Altered Reality


Even though Sigmund Freud had been the first psychoanalyst to discuss the importance of dreams, dreams have been in our eyes long before he tried to convince everyone of its importance, and we continue to dream long after his time period. Whether remembered in the morning or not, humans dream multiple times a night. As to why we dream, theories vary along a broad controversial scale.

Many researchers think that dreams help the brain sort, sift and fix the day’s experiences in memory. Others believe that neural activity and development cause dreams, while others argue that dreaming is part of the brain’s cognitive and maturation development. Then, there is Frued who believed dreams allowed us to fulfill our deepest wishes that could not be executed in real life. His theory states that there are two parts of dreams. One is the manifest, which is the apparent storyline, while latent content has underlining, symbolic meanings.

To first understand why we have dreams, we have to understand what the dream state is.

A regular sleep cycle lasts 90 to 120 minutes, and repeat from four to seven times a night. In this cycle, one’s body runs through Stages 1,2,3,4 and then REM (Rapid Eye Movement).

Stage 4 of sleep is considered the deepest period of sleep. It can be very difficult to be awakened from this stage. Dreams can also occur, but are less well formed and may have more emotional impact. Night terrors commonly arise from stage 4 sleep.

After this deep sleep, REM occurs, where dreamers dream their most vividly. The heartbeat increases as well as blood pressure and eye movements in REM. However, body movements become paralyzed, so that one does not act out his/her dream. In all stages, dreams are alive. Only in REM, however, are they typically remembered, particularly those closer to the morning as one awakens. The length of the dream periods become longer as the night continues on.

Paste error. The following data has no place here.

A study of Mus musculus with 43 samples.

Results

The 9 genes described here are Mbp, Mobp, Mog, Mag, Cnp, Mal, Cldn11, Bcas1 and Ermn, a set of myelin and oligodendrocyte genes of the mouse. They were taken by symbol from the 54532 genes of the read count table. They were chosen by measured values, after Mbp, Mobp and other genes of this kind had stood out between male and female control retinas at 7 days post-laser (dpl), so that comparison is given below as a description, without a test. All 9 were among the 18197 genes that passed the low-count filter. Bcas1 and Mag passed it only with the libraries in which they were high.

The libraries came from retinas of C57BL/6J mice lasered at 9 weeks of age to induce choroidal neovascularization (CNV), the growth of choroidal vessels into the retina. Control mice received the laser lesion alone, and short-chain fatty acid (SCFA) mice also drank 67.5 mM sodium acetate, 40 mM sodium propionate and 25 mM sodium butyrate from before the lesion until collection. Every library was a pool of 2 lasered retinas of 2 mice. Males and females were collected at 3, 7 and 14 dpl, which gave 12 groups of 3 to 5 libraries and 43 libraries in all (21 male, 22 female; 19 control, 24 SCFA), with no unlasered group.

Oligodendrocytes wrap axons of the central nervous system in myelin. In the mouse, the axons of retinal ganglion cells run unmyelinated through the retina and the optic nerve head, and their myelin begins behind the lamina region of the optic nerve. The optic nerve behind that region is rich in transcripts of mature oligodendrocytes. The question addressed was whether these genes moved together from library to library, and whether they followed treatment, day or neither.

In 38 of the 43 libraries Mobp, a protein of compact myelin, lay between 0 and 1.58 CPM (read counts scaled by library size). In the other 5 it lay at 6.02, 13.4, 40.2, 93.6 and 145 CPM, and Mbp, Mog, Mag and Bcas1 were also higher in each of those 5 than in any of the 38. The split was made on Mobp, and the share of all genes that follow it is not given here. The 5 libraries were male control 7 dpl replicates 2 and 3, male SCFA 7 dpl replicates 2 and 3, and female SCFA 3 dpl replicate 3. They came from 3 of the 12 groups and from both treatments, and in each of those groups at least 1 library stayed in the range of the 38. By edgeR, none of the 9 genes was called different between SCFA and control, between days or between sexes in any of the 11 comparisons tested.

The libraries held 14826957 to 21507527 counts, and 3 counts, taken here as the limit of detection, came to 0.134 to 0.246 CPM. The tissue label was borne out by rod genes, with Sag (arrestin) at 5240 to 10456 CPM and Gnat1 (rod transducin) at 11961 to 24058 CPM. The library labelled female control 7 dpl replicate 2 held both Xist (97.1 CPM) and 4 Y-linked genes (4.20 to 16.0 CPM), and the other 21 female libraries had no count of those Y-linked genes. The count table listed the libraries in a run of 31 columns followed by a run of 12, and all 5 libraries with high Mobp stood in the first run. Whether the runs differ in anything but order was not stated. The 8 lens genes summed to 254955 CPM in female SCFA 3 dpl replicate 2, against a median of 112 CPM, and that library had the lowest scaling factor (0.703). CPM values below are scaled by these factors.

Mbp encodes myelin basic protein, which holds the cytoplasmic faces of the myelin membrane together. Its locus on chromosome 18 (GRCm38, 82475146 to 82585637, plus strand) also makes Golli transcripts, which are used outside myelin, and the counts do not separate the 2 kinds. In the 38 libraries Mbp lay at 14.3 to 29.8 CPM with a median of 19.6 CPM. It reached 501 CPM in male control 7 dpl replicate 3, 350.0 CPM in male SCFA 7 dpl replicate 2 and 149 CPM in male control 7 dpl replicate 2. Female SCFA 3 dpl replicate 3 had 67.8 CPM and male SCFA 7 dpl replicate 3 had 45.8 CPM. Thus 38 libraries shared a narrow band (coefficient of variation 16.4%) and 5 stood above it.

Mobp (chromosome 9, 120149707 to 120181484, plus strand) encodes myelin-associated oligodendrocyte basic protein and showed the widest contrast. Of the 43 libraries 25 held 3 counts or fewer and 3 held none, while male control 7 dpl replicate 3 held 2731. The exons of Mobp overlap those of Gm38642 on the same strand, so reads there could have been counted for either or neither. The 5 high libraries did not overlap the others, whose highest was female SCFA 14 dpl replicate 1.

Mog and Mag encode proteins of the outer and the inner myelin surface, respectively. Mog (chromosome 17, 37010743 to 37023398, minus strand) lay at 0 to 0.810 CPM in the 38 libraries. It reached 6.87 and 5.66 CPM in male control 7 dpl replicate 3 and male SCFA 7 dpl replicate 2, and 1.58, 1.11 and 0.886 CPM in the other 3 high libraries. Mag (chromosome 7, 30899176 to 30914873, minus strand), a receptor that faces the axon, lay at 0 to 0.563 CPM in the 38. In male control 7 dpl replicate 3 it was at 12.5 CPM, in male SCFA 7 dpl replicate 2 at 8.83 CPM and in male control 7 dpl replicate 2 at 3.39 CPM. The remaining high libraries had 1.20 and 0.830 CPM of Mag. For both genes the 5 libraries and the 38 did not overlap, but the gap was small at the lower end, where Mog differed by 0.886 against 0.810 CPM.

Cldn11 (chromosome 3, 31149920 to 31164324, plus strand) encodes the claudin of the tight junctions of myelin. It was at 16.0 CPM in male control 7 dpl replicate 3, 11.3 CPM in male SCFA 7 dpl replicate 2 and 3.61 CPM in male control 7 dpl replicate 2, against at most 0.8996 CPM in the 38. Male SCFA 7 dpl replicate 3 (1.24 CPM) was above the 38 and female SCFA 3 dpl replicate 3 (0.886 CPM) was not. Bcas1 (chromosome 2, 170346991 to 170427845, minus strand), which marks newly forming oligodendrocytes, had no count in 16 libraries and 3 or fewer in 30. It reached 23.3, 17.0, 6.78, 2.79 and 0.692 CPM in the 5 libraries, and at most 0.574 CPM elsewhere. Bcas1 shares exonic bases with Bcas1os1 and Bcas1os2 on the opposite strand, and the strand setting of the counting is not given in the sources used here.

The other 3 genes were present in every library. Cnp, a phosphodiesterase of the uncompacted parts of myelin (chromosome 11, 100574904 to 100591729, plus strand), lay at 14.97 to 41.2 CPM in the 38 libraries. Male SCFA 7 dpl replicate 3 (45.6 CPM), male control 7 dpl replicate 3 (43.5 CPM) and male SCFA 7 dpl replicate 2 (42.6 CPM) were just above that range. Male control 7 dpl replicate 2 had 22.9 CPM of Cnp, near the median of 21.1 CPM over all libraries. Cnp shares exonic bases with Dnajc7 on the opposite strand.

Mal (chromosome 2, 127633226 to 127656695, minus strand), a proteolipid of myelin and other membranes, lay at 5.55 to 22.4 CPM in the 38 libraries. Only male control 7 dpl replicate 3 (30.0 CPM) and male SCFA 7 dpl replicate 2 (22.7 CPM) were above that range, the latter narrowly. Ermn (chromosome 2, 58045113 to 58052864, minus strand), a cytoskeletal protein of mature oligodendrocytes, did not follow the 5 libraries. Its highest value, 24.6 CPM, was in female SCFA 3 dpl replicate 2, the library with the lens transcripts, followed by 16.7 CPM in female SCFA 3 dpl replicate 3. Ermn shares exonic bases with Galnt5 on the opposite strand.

“Dreams are the touchstones of our characters,” wrote Henry David Thoreau in “A Week on the Concord and Merrimack Rivers” (1849).

Perhaps, the truth lies between the many theories. Perchance, we dream as a creative outlook as the brain processes the day’s information, converting short-term memory into long term memory while neurotransmitters rebuild.

As a writer, the most prominent, creative and imaginative settings and creations are fabricated and brought to life through remembered dreams. In this unconscious state, as Frued suggested, we leave behind ambition, awareness of others and a desire to be accepted into the social norm. Without these blocks, then perhaps we are free to roam other desires and wishes. As to what we wish, differs from what Freud thought.

More often than not, a person who deals with any type of creativity becomes blocked, unsure of the next steps to take. In a way, the conscious mind keeps us uninspired, as if focusing on what has already been created and pictures that relate to the already accepted.

However, when one falls asleep, the conscious mind sleeps as well, allowing the subconscious mind to dominate. Following the road very well traveled by others does not inhabit this portion of the brain. It throws out the typical thought of responses and creates another world. These dreams brought to being from the subconscious, is what we awake to, thus incorporating the dreams as solutions to problems.

Dreams analyze our daily life, our questions and then interpret them into something more. Kenway Louie and Matthew A. Wilson, neuroscientists at MIT, have been conducting research since the 1990’s with rats, proving that dreams are more than non-sequiturs. After learning a new maze, the rats sleep. During that sleep, their brain waves display the same waves, as they were when they were actively learning the maze, thus showing that they were dreaming about their daily life. Dreaming about daily life helps us come to terms and understand major and simple dilemmas that we constantly face.

“But only in their dreams can men be truly free. ‘Twas always thus, and always thus will be,” said Tom Schulman in the Dead Poets’ Society (1989) as character John Keating. For as long as we have been dreaming, do the theories of why list. Even though, the controversial debate of the why’s and how’s remains complicated, nearly everyone agrees that dreaming and sleeping stands to be one of the most important and intriguing functions of the human body.